In a play as finely attuned to the cadences, nuances, and inflections of language as Nina Raine’s Tribes, things could be ruined in a heartbeat if a lone cast member’s English accent slipped for a second. Luckily, thanks to dialect coach Gary Logan, David Muse’s production is so authentically British, tea and cucumber sandwiches should be served at intermission. And though it may be early to say this, it’s probably one of the best shows Washington will see in 2014.
Tribes is a play about communication, filtered through the prism of an eccentric family of obnoxious intellectuals, one of whom, Billy (James Caverly), is deaf. His father (Michael Tolaydo), an academic who curses gleefully and accumulatively in the way only Brits can (he compares a bad seafood dinner to “being f*cked in the face by a crab”), has raised Billy to be “normal,” meaning he speaks no sign language and relies on lip reading. He also appears to be excluded from 75 percent of the bickering and casual cruelty the rest of the family indulge in.
Nancy Robinette plays Billy’s mother, a novelist who acts as peacemaker as much as possible while son Daniel (Richard Gallagher) and daughter Ruth (Annie Funke) go off at each other. Daniel is also an academic, and a presumable schizophrenic whose internal voices get louder and more aggressive as the show goes on; Ruth is a wannabe opera singer. Raine gives each sibling a trait to cast light on Billy’s condition, with Daniel trying to drown out the unwelcome speakers in his head and Ruth excelling in music, an art form Billy has no way of appreciating.
Muse directs the production toward hearing and non-hearing audiences, and finds ways to make both feel deliberately included and isolated: Three interpreters situated in the middle of the audience sign the actors’ words to the rows at the back, while visual soundwaves are projected onto the back of the stage when musical interludes punctuate scenes. When a snippet of opera plays, both the Italian words and their English translation are provided, along with bars from the sheet music. And when Billy meets a girl named Sylvia (Helen Cespedes) who helps teach him to sign, their conversations, too, are translated.
It’s this new and illuminating presence in his life that precipitates an ugly upheaval within his family. As much as it deals with how humans communicate and relate to one another, Tribes offers insight into how insular we are, packed into our tight little networks of families and alumni groups and book clubs and football games. When Billy’s family asks Sylvia what the deaf community is like, her response—“hierarchical”—nails our innate desire to categorize and define each other. Billy, who was born deaf, has instant caché but loses points for not knowing how to sign, while Sylvia, born hearing to deaf parents but gradually losing her own ability to hear, is lower down the ladder thanks to the fact that she hasn’t always been that way. When she astonishes Billy’s family by playing a piece of music on their piano almost flawlessly, they crowd around her and turn their backs on their own son in a simple, powerful piece of staging.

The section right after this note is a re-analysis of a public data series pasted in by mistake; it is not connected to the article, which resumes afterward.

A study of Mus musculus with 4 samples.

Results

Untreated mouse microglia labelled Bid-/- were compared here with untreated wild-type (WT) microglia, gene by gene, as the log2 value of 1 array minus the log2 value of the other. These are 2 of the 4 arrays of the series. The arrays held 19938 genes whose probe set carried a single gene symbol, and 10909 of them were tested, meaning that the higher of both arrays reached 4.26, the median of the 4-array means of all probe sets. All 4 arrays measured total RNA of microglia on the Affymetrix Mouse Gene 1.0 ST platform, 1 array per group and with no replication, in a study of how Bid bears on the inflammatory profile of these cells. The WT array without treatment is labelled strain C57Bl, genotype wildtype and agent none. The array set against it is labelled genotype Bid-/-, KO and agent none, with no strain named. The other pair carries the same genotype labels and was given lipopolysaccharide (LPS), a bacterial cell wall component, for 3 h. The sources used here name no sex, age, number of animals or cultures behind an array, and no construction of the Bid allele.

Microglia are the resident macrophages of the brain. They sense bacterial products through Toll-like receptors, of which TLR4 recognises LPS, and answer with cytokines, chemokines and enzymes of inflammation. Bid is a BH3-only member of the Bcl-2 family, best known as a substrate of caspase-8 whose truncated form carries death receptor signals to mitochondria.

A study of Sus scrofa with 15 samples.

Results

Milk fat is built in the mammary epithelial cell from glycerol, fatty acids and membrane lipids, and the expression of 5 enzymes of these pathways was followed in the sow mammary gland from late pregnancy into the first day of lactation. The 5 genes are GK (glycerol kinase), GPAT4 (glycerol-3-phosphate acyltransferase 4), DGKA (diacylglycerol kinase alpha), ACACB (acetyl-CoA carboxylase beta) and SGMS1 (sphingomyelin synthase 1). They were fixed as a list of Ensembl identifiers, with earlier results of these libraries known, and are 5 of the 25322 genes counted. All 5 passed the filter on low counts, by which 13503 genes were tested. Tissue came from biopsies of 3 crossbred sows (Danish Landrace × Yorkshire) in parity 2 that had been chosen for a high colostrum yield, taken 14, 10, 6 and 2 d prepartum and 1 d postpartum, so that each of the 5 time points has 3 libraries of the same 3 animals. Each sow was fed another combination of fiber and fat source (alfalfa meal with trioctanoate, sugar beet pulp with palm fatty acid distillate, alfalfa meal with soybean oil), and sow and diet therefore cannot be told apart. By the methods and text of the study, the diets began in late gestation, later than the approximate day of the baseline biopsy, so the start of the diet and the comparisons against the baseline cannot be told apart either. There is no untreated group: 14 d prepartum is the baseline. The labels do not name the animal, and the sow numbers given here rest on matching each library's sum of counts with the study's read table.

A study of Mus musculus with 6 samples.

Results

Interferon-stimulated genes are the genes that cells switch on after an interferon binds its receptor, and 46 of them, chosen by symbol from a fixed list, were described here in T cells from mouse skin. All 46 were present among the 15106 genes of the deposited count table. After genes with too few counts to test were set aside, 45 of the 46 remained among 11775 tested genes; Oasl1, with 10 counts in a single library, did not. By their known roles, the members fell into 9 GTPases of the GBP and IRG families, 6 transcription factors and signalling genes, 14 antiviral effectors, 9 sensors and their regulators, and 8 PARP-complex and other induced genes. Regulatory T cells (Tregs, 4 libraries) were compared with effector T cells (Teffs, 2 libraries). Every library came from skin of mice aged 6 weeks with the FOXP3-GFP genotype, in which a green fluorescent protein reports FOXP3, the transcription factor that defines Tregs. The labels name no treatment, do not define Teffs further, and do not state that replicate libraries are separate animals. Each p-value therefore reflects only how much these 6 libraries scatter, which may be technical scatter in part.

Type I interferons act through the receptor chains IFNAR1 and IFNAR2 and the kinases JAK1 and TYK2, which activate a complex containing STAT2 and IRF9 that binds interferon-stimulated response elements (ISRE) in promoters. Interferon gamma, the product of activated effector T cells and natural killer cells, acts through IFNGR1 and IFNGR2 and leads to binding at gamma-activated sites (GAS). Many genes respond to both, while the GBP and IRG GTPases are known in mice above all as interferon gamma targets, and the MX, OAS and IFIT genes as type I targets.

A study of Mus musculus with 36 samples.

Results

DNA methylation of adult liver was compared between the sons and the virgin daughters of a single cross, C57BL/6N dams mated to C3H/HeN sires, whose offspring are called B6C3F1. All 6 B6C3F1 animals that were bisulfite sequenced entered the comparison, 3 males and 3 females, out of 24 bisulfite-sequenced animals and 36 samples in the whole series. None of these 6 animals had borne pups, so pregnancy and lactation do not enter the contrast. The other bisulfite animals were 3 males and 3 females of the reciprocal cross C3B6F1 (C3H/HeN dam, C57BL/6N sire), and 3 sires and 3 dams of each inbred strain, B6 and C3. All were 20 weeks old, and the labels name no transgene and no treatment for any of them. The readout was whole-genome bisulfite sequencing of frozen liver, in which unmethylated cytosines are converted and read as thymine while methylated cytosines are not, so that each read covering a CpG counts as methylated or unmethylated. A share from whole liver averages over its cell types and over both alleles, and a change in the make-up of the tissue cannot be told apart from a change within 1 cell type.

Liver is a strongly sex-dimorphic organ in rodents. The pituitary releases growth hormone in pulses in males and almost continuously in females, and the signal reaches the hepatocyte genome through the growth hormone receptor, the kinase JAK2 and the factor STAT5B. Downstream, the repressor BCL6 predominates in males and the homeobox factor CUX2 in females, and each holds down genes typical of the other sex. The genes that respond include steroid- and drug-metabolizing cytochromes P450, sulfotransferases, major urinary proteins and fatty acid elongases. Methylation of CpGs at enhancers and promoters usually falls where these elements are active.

Caverly’s Billy does remarkable work eking out Billy’s frustrations and loneliness gradually until he explodes, silently, in a confrontation in which he steadfastly refuses to speak. A Gallaudet grad, Caverly communicates a lifetime of fury in Billy’s signed soliloquy, translated reluctantly for his family (and for the audience) by Sylvia. Cespedes has one of the hardest jobs portraying both sides of the play’s universe, speaking fluently and with an almost aristocratic confidence to Billy when she first meets him and signing poetry so emotively to Billy’s brother that the entire room falls silent.
Tolaydo, who was raised in the UK, offers the perfect depiction of an arrogant, infuriating, boorish patriarch who’s somehow sympathetic nonetheless. His conviction that Billy is better off existing outside of any deaf community (he calls the deaf “the f*cking Muslims of the handicapped world”) is so finite that Billy’s rebellion seems to shake him to the core. Robinette, as the funny, brave, but ultimately helpless Beth, suits being British so well that PBS should snap her up for a production, pronto.
Gallagher’s Daniel is one of the most problematic characters—the voices in his head seem to be clumsy and inefficient allegories that don’t offer as much from an audience perspective as the rest of Raine’s multifaceted script. Still, his furious fights with Funke’s hapless Ruth are enormous fun to watch, playing out amid a kitchen set by Wilson Chin upon which overburdened bookshelves threaten to spew books onto the stage and there are many different kinds of cutlery to be considered for a family dinner.
Tribes, which won the 2012 New York Drama Critics Circle Award for Best Play, is undoubtedly a funny and very thoughtful show, tackling heritage, identification, and disabilities of all kinds, from Billy’s inability to hear to his father’s inability to listen (and let’s not forget the dark, mystical force that somehow keeps all three adult children living with their parents). Muse not only distinguishes all these moving parts but also forces them together in a way that makes this production democratic, as well as deeply communicative.
Tribes is at Studio Theatre through February 23. Running time is about two hours and 20 minutes, including one intermission. Tickets ($39 to $75) are available via Studio’s website.